Saturday, January 16, 2010

From the sofa

Not feeling so boomps-a-daisy so having a day watching movies in my pyjamas. I'd tracked down some Ida Lupino films so gave The bigamist (1953)a go. Despite the subject matter this is a quiet little low budget number about travelling salesman Harry who, though very well intentioned, ends up with two wives - the classy Joan Fontaine and the lonley Ida Lupino. Surprisingly, everyone is portrayed in a very sympathetic light and you end up feeling sorry for all of them. Harry is working hard, travelling a lot, always talking of the day he'll be able to stay at home and be able to employ someone else to do the legwork, alone in a big city and living in hotels. Ida, who left the country for Los Angeles and works in a ham Chinese restaurant as a waitress. Joan Fontaine, classy and beautiful but infertile, throwing herself into business to cover her emptiness - and being a bit more successful than her more stolid, weary husband. What comes across is the limited options people had. All these people are lonely and seemingly without friends. Ida Lupino's depressing me a bit at the moment. She's so worthy.

Much more fun was Alexander's Ragtime Band (1938)- which is basically a showcase for Irving Berlin tunes (30 in all!)The cast is fabulous - Tyrone Powers, sure he's wooden but my is he beautiful, Alice Faye - man I love her, she's such a tough broad, even when she's successful and in love she looks like she's ready to hit the bottle - and the warm and handsome Don Ameche, such a honey. It also has the Tin Man from the Wizard of Oz and a young Ethel Merman being very sassy. The songs are a real delight. Until they got to Having a heat wave. Will I never be rid of this song??? (If you listen closely you can hear they've changed the lyrics from 'making her seat wave' to 'making her feet wave')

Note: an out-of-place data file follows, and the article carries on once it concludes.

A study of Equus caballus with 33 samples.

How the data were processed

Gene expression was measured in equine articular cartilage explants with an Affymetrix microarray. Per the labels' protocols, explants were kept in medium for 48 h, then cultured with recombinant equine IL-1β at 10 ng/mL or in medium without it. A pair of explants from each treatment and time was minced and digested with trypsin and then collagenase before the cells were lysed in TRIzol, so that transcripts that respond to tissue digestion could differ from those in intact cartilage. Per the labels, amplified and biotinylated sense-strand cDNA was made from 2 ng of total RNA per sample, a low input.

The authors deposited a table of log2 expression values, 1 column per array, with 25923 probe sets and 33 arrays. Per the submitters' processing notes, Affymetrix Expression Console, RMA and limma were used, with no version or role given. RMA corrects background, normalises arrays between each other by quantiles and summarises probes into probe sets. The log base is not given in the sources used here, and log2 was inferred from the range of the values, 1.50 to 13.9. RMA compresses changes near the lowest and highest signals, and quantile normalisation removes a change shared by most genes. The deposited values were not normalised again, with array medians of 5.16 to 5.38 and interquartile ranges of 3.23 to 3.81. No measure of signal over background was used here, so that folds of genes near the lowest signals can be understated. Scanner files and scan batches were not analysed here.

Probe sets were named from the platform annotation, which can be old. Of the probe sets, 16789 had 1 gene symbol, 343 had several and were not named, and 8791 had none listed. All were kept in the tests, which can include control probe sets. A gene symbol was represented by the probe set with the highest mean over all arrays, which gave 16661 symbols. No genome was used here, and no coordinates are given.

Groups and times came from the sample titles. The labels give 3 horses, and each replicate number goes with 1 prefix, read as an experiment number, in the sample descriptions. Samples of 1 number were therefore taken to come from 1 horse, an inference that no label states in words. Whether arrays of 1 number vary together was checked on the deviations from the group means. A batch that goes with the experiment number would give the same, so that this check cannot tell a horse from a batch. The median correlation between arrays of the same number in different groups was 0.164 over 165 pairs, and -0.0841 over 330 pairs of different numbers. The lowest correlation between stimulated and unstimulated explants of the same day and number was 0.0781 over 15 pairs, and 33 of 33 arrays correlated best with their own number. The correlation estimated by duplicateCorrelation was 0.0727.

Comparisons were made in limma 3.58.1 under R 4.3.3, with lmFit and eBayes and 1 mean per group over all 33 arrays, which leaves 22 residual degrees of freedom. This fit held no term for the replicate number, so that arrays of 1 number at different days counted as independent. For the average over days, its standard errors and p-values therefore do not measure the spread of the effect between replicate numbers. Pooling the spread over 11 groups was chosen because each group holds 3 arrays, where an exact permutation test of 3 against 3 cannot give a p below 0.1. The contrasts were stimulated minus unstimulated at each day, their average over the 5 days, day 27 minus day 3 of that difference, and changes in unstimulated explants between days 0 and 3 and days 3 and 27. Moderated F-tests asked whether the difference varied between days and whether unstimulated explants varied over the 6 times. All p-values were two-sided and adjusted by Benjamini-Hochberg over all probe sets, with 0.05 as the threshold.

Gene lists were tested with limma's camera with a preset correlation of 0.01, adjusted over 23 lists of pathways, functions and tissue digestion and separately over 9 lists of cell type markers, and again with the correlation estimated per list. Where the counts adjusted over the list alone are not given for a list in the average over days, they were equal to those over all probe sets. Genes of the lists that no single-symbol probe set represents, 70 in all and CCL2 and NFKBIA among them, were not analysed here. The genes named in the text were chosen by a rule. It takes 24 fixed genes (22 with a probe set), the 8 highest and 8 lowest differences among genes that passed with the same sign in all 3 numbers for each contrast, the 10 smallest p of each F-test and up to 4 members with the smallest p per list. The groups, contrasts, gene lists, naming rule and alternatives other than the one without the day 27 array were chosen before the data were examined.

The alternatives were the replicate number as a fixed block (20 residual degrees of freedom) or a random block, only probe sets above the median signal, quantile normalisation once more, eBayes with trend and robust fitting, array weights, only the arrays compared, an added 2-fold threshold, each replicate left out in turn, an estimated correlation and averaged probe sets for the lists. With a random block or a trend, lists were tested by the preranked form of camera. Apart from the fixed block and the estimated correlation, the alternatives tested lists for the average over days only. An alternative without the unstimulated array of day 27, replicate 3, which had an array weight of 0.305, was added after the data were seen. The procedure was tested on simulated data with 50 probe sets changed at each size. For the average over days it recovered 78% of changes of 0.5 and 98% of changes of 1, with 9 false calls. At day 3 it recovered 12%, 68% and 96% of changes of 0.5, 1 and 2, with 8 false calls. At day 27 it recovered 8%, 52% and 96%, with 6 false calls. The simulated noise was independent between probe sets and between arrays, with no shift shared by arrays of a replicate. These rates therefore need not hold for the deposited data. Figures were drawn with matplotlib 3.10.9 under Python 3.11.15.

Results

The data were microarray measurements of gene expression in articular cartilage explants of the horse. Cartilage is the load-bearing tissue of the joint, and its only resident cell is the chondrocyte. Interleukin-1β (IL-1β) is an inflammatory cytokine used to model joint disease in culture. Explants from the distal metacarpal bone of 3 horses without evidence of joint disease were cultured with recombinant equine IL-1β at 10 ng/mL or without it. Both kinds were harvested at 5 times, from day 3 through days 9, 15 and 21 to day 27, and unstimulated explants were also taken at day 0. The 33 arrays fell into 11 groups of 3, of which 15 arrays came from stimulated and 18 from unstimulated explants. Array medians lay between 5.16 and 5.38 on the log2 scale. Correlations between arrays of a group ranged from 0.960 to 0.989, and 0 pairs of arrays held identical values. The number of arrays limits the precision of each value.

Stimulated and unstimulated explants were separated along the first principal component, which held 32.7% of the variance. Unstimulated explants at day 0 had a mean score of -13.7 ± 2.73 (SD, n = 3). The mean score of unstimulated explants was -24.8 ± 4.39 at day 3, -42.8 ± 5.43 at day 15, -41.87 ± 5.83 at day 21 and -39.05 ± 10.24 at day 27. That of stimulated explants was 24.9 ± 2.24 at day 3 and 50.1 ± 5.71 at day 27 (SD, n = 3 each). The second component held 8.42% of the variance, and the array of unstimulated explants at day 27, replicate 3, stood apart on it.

I also watched The bells of St Mary's (1945), sequel to Going my way and amiably silly. Bing Crosby is his usual likeable self as a Catholic priest and Ingrid Bergman plays the most adorable nun, so beautiful.

I'd started the day with Boom Town (1940) starring Clark Gable, Spencer Tracey, Claudette Colbert and Hedy Lamarr. It's pretty much a love song to the American oil industry and big business, with Gable and Tracey playing roles of 'wildcat' oil prospectors who win and lose fortunes and fight for the love of (a rather dull) Claudette Colbert. Hedy plays a sophisticated New York temptress and to me the film is hers. Oh she's so beautiful. I could just watch her forever. She's her enigmatic best here. And you've got to admire the chutzpah of the film makers. Sure it's set in 1918 - 1928 but let's put all our leading ladies in snappy 40s outfits anyway. Gorgeous.